Armies of Sand: The Past, Present, and Future of Arab Military Effectiveness (Paperback)
On Our Shelves Now. Click on title for location specific availability.
Since the Second World War, Arab armed forces have consistently punched below their weight. They have lost many wars that by all rights they should have won, and in their best performances only ever achieved quite modest accomplishments. Over time, soldiers, scholars, and military experts have
offered various explanations for this pattern. Reliance on Soviet military methods, the poor civil-military relations of the Arab world, the underdevelopment of the Arab states, and patterns of behavior derived from the wider Arab culture, have all been suggested as the ultimate source of Arab
military difficulties. In Armies of Sand, Kenneth M. Pollack assesses these differing explanations and isolates the most important causes. Over the course of the book, he examines the combat performance of fifteen Arab armies and air forces in virtually every Middle Eastern war, from the Jordanians
and Syrians in 1948 to Hizballah in 2006 and the Iraqis and ISIS in 2014-2017. The book ultimately concludes that reliance on Soviet doctrine was more of a help than a hindrance to the Arabs. In contrast, politicization and underdevelopment were both important factors limiting Arab military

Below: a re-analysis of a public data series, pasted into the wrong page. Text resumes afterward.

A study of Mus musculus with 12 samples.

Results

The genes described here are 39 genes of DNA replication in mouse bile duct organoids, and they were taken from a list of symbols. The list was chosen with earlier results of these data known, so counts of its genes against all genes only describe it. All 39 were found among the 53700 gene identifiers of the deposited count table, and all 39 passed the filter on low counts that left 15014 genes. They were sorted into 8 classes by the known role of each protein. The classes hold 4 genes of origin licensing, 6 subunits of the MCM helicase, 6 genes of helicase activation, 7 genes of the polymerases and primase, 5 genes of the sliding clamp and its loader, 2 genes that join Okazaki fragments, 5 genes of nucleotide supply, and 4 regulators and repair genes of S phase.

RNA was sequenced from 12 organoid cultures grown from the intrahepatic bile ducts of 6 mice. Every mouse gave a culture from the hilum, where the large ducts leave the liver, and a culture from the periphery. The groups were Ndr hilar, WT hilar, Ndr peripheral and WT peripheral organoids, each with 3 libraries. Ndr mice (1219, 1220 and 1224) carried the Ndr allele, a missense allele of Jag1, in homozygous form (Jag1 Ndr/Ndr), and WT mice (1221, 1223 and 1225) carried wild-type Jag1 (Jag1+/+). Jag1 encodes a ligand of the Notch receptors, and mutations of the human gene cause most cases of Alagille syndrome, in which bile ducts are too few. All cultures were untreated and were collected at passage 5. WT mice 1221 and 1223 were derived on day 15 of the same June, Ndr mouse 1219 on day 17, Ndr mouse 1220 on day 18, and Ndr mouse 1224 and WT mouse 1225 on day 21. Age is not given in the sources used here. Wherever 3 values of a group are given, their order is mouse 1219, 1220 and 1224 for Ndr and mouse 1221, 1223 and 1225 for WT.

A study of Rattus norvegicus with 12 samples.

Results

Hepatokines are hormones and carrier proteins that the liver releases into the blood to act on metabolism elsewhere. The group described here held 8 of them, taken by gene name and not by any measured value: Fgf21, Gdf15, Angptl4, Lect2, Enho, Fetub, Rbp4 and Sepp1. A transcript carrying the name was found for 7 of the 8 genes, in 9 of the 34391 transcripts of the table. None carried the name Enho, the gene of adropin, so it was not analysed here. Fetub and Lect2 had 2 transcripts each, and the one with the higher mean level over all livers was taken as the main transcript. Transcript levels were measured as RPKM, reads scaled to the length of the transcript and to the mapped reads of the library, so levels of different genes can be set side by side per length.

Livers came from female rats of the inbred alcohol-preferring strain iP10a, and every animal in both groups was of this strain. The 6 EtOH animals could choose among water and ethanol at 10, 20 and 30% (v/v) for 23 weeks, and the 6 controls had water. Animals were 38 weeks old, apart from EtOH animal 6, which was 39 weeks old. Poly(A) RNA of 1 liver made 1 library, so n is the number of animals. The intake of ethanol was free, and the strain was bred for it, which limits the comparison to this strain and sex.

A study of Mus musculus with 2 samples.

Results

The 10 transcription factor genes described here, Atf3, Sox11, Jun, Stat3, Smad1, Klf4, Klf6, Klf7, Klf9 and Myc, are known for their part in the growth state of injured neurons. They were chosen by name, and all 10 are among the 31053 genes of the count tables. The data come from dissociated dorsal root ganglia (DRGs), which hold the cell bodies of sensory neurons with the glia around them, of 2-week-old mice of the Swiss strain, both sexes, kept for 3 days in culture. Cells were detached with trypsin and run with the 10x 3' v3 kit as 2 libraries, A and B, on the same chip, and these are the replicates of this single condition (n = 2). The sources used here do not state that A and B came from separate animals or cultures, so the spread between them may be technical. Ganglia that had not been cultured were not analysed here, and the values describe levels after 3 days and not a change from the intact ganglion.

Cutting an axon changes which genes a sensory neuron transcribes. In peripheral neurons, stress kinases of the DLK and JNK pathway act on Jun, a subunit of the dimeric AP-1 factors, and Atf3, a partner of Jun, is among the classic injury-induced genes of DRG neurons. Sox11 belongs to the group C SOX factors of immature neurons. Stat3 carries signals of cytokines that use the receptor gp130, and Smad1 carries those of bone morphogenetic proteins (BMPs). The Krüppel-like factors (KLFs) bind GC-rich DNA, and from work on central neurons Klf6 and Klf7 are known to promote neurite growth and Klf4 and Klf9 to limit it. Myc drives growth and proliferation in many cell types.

effectiveness, but patterns of behavior derived from the dominant Arab culture was the most important factor of all. Pollack closes with a discussion of the rapid changes occurring across the Arab world, and suggests that because both Arab society and warfare are changing, the problems that have
bedeviled Arab armed forces in the past could dissipate or even vanish in the future, with potentially dramatic consequences for the Middle East military balance. Sweeping in its coverage, this will be the go-to reference for anyone interested in the history of warfare in the Middle East since 1945.
About the Author
Kenneth M. Pollack was a longtime Senior Fellow of the Brookings Institution, where he ran the Saban Center for Middle East Policy, and is currently a Resident Scholar of the American Enterprise Institute.